Grilled Soup

I know it’s pathetic but I was looking through my old clippings last week and I stumbled upon the first menu I ever wrote for the Los Angeles Times (it’s here if you’d like to see it). It had a Spanish vegetarian theme and featured empanadas, garlic soup, and a great Catalan dish with grilled vegetables (which I love) marinated in vinegar. It’s called escalivada.

I’ve always been a vinegar nut too, having discovered the joys of French fries and malt vinegar at an early age (thank you Dairy Queen) and still frequently indulging in bags of salt & vinegar potato chips (thank you Trader Joe’s). So vinegar and grilled vegetables was win-win for me. If I could turn it into a soup, I’d have the trifecta.

It was worth a try, although the grilled asparagus soup I made a few weeks ago hadn’t worked out so well. It had been for last month’s multi-course Italian meal, but hadn’t made the cut.  Too “grilly” was the consensus. (No, it’s not really a word.) Could the same fate await my escalivada soup?

Maybe. But the weather was egging me on.

It was the middle of May and spring had officially arrived in Illinois. And the prospect of no frost for the next 5 months (keep your fingers crossed) meant whipping the cover off the grill and getting down to business.

There wasn’t too much prep work for the grilling, just slicing the vegetables down to size: strips of zucchini, squash and eggplant (thank you mandoline) and quartered peppers and onion all tossed in minced garlic and olive oil. Then it was just a matter of slapping them on the grill to give them a little color and setting them aside to cool. Not too bad, except for the fact that we hadn’t really started making the soup yet.

Happily, the soup part was really easy: Chop the vegetables into small pieces, put them in a pot, add stock, vinegar and seasoning, simmer, and… done.

My family liked the soup too, along with the grilled chicken, grilled polenta and, wait for it, grilled snap peas. (Didn’t feel like cooking inside that day.)

It was then that they floored me by saying how much they thought the soup was like ratatouille. All of a sudden a light bulb went on over my head.  The fact that both escalivada and ratatouille are the only eggplant dishes I like wasn’t enough for me, nor was the fact that these two Mediterranean dishes are made from the exact same ingredients (a little extra thyme for the French version, a little vinegar for the Spanish one). I had to have my nine-year-old connect the dots for me.

They’re essentially the same dish.  The only difference being that few hours difference along the French/Spanish Riviera.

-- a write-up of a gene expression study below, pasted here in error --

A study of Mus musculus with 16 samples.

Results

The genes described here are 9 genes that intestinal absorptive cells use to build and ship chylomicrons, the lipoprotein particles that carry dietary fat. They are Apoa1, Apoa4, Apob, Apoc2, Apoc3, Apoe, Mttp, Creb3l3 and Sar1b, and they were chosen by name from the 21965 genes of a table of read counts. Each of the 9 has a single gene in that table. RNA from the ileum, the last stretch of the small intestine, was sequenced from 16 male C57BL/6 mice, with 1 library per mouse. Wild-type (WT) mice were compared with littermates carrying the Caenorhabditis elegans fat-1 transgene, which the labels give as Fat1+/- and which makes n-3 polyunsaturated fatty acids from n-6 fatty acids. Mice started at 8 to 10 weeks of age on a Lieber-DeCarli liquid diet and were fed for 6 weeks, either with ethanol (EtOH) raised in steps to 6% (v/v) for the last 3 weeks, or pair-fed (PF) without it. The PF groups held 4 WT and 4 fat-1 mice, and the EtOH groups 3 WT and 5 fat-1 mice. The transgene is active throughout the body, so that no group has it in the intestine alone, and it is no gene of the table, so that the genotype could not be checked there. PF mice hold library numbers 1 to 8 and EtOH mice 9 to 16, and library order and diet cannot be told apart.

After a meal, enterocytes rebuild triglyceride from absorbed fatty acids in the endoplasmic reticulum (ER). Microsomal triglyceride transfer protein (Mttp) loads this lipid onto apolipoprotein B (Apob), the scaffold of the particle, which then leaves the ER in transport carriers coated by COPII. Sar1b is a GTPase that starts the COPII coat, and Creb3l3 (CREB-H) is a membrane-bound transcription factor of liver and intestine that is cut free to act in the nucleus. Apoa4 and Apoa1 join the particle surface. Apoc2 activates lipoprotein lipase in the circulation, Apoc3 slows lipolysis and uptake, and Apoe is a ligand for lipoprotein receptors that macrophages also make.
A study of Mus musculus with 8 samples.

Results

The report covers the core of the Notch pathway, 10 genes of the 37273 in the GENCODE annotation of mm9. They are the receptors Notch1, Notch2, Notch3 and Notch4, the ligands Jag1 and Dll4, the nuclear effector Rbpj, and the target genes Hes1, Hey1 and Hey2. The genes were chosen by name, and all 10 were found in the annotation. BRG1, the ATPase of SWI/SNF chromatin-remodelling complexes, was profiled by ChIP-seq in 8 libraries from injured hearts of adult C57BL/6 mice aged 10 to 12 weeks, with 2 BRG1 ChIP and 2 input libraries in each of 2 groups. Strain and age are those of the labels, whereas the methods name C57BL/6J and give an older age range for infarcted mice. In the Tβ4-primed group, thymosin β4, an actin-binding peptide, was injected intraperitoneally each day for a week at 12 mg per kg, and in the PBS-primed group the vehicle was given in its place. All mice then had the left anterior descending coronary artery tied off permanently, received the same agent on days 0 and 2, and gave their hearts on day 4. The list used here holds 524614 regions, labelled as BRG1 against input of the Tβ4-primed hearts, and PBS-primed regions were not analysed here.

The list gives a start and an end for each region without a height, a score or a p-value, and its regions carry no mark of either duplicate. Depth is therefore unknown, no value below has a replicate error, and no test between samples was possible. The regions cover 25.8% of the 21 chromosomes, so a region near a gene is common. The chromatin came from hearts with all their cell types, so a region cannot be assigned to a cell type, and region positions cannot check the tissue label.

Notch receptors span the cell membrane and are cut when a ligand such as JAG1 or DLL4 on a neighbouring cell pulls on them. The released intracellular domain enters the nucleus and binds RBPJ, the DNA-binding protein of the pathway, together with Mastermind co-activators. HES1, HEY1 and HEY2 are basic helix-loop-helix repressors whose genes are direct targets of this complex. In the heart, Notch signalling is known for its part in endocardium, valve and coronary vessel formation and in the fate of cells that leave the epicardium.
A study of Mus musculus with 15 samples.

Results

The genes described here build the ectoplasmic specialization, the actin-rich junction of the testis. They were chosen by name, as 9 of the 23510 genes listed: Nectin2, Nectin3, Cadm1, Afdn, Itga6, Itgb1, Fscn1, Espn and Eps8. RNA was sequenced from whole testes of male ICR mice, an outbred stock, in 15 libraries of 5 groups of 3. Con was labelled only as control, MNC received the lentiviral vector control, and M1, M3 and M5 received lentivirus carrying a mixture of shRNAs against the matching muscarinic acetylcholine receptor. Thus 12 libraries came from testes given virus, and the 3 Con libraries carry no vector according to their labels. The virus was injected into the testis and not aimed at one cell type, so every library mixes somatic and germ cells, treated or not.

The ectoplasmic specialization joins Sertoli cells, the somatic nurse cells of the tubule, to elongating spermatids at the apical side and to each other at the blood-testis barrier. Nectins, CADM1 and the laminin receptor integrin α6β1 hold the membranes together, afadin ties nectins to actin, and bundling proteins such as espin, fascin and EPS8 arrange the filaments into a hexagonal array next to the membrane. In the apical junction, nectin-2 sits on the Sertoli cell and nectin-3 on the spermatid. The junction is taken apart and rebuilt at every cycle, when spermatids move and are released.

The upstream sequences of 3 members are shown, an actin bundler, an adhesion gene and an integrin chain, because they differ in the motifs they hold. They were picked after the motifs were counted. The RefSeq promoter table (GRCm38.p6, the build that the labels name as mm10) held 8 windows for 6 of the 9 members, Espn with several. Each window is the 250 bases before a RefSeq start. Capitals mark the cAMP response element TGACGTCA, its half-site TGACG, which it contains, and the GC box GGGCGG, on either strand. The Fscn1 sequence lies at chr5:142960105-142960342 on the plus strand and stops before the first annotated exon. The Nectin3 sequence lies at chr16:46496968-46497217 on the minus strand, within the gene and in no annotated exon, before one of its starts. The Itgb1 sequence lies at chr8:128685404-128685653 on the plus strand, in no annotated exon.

All in all, though, this week’s recipe is the one I prefer.  It’s got a bit more zip, a bit more tang, a lot more of the fiesta. I don’t know where they run with the bulls (I know it’s Pamplona. I just don’t know where in Spain that is.), but it could never be in France. It could probably never be here either.

Yet, in lieu of the bull, I offer you this soup to put a little spring in your step.

And all you have to do is say olé.

Escalivada Soup
(serves 4-6)
4 bell peppers, seeded and quartered (2 red and 2 green add a nice bit of color)
2 medium zucchini, cut into long strips
2 yellow squash, cut into long strips
1 medium eggplant, cut into ¼” slices
2 onions, peeled and quartered
3 T canola oil
8-10 cloves garlic, minced
1/3 cup wine vinegar (I used red, but sherry is even better)
6 cups stock
salt & pepper to taste

  1. Preheat the grill on high. Toss the vegetables together with the minced garlic and oil and grill them on both sides until they get some nice grill marks.
  2. As you remove the vegetables from the grill, place them in a bowl covered with plastic wrap.  This achieves the double task of keeping them warm and steaming the skins off the bell peppers.
  3. Chop the cooked vegetables into small pieces and place in a 3 quart soup pot with the vinegar, stock and seasoning.
  4. Bring the soup to a boil, then reduce it to a simmer for 20-30 minutes.
  5. Serve it with all the other grilled delicacies you’ve been waiting all winter to make.

Image Credit: “Grilled Soup,” by the author.

Since I’ve owned a gas grill, I am sad to say I’ve lost touch with the beauty and flavor of charcoal grilling.  I enjoy the convenience so much, though, that I’m not going back anytime soon. What can I do to have the best of both worlds?  What do you do?